The funeral of the Great Train Robber Bruce Reynolds is taking place this afternoon.

On the Twitter page of his friend Ronnie Biggs has been posted:


Train heist proved a curse for mastermind Reynolds

Bruce Reynolds (centre) with six of the Great Train Robbery gang in 1979. Credit: PA/PA Archive

Bruce Reynolds said he wanted to "make his mark" when masterminding the Great Train Robbery - but said the infamous heist became his curse in later life.

Using inside information on the movement of valuables, the antiques dealer assembled a gang to raid a night train in Buckinghamshire in August 1963, with the group making off with £2.5 million in used bank notes.

The eventual death of train driver Jack Mills further blackened the heist.

While co-conspirator Ronnie Biggs spent nearly four decades on the run after escaping from prison in 1964, Reynolds evaded capture for five years, spending time in Mexico and Canada, before returning to England.

He was captured in Torquay in 1968 and jailed for 25 years but was released in 1978, alone and penniless.

Reynolds spent another three years in prison in the 1980s for dealing amphetamines.

He later said his part in the 1963 crime meant no-one wanted to employ him, legally or illegally.

Reynolds became infamous star after 1963 train heist

Bruce Reynolds was jailed in 1968 for 25 years for his part in 1963's infamous train heist, but was released in 1978. Credit: PA/PA Archive
He and fellow conspirator Buster Edwards soon capitalised on their notoriety with a book launch. Credit: PA/PA Archive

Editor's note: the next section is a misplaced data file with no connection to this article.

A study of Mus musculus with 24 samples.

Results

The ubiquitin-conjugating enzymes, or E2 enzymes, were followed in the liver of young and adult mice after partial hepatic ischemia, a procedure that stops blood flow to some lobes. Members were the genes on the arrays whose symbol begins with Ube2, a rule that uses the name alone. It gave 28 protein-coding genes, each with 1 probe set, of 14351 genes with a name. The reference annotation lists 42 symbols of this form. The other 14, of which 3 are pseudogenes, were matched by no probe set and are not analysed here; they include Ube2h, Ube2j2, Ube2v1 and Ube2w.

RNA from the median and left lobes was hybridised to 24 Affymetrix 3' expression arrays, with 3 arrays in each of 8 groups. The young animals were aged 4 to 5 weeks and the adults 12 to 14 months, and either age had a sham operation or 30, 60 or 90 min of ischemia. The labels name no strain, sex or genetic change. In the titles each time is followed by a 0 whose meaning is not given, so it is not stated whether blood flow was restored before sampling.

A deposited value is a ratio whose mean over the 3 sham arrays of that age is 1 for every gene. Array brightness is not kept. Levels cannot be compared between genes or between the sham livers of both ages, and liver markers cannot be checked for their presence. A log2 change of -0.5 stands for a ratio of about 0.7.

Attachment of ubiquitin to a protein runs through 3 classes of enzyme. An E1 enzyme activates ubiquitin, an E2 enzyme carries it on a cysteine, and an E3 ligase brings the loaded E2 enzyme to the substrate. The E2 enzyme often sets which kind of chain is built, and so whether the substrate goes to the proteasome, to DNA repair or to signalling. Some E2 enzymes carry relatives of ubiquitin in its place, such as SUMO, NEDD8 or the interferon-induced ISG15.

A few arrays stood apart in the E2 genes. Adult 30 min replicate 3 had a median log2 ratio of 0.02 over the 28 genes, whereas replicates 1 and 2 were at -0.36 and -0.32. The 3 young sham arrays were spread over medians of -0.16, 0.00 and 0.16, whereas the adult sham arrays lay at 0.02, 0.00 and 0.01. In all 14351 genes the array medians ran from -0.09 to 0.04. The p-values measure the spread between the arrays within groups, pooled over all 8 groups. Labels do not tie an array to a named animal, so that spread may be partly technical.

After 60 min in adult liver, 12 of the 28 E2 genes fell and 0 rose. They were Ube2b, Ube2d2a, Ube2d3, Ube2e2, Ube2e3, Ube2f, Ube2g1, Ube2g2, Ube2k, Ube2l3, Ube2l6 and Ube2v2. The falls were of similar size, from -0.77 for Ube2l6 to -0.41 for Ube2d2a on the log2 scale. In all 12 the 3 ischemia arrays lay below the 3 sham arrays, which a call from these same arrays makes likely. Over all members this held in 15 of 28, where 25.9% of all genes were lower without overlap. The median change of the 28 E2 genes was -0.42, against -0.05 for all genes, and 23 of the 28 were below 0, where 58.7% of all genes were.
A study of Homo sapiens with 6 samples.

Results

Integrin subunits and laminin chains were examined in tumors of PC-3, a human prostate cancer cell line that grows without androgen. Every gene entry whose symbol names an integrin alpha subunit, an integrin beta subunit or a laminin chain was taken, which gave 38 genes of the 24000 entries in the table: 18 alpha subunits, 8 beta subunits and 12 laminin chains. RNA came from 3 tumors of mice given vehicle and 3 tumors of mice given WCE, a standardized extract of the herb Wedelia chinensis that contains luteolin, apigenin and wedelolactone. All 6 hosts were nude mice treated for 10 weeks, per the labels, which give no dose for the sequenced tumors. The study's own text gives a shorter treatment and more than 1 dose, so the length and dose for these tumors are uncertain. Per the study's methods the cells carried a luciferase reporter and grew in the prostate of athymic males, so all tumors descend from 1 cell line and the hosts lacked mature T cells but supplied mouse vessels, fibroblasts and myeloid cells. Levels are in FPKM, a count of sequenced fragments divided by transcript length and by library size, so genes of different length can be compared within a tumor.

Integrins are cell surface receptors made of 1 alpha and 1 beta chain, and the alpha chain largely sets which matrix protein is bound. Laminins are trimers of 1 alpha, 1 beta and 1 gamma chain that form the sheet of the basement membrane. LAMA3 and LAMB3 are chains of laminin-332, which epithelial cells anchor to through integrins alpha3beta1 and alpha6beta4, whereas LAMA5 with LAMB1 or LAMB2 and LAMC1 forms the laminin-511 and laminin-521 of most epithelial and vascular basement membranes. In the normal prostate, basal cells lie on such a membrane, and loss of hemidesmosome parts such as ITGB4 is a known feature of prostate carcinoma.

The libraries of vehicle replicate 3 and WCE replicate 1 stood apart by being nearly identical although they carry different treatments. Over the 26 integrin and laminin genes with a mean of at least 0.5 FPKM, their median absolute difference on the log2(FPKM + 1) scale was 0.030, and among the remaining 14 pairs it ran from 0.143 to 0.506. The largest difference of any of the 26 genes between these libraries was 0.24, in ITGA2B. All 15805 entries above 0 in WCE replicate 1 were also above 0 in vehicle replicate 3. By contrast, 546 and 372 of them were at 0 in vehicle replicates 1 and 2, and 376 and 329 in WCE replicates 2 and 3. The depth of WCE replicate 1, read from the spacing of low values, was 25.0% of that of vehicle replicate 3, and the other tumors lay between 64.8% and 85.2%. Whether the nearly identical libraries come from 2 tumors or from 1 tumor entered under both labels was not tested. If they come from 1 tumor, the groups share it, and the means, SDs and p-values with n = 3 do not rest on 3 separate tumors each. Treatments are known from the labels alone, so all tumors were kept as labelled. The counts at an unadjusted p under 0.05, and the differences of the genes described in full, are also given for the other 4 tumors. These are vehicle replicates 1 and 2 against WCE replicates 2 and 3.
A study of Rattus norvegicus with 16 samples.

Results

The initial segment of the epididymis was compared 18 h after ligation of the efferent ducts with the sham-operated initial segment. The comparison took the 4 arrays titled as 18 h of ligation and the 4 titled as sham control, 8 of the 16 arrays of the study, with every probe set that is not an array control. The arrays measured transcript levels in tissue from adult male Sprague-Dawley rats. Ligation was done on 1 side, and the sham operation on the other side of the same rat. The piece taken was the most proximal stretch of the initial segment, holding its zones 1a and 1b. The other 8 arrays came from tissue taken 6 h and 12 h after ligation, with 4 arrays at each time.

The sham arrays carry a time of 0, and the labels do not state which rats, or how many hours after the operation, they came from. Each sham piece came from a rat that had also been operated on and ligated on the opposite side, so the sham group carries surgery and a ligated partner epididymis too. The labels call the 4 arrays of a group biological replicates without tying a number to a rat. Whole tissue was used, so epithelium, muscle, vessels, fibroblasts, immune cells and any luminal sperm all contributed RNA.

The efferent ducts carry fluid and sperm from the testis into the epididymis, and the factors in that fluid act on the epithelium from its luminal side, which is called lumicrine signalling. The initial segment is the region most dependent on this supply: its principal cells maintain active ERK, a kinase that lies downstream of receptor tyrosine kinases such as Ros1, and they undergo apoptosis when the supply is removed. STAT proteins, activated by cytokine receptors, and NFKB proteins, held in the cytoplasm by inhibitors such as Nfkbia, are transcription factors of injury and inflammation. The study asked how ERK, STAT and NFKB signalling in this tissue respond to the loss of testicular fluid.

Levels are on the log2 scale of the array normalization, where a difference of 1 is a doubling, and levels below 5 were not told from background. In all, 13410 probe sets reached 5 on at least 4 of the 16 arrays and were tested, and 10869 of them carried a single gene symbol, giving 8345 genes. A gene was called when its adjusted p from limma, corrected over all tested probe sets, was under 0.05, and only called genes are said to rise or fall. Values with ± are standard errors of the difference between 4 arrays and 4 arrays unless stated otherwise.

The pair were reunited again in 1990 for the funeral of the robbers' "treasurer" Charlie Wilson, who was shot dead in Spain. Credit: Tony Harris/PA Archive

Son confirms death of Great Train Robber Reynolds

Nick Reynolds said he had been looking after his father. Credit: Ian Nicholson/PA Archive

Bruce Reynolds, the mastermind of the Great Train Robbery, has died - just before the 50th anniversary of the infamous heist, often hailed as one of the most audacious crimes of the 20th Century.

His son Nick Reynolds confirmed his 81-year-old father passed away in his sleep after recently falling ill.

"He hadn't been well for a few days and I was looking after him," he said. "I really can't talk at the moment. I can confirm that he has passed away and he died in his sleep."

Bruce Reynolds led the gang that made off with more than £2.5 million (worth £40 million today) when they held up the Royal Mail travelling post office which ran between Glasgow and London in August 1963.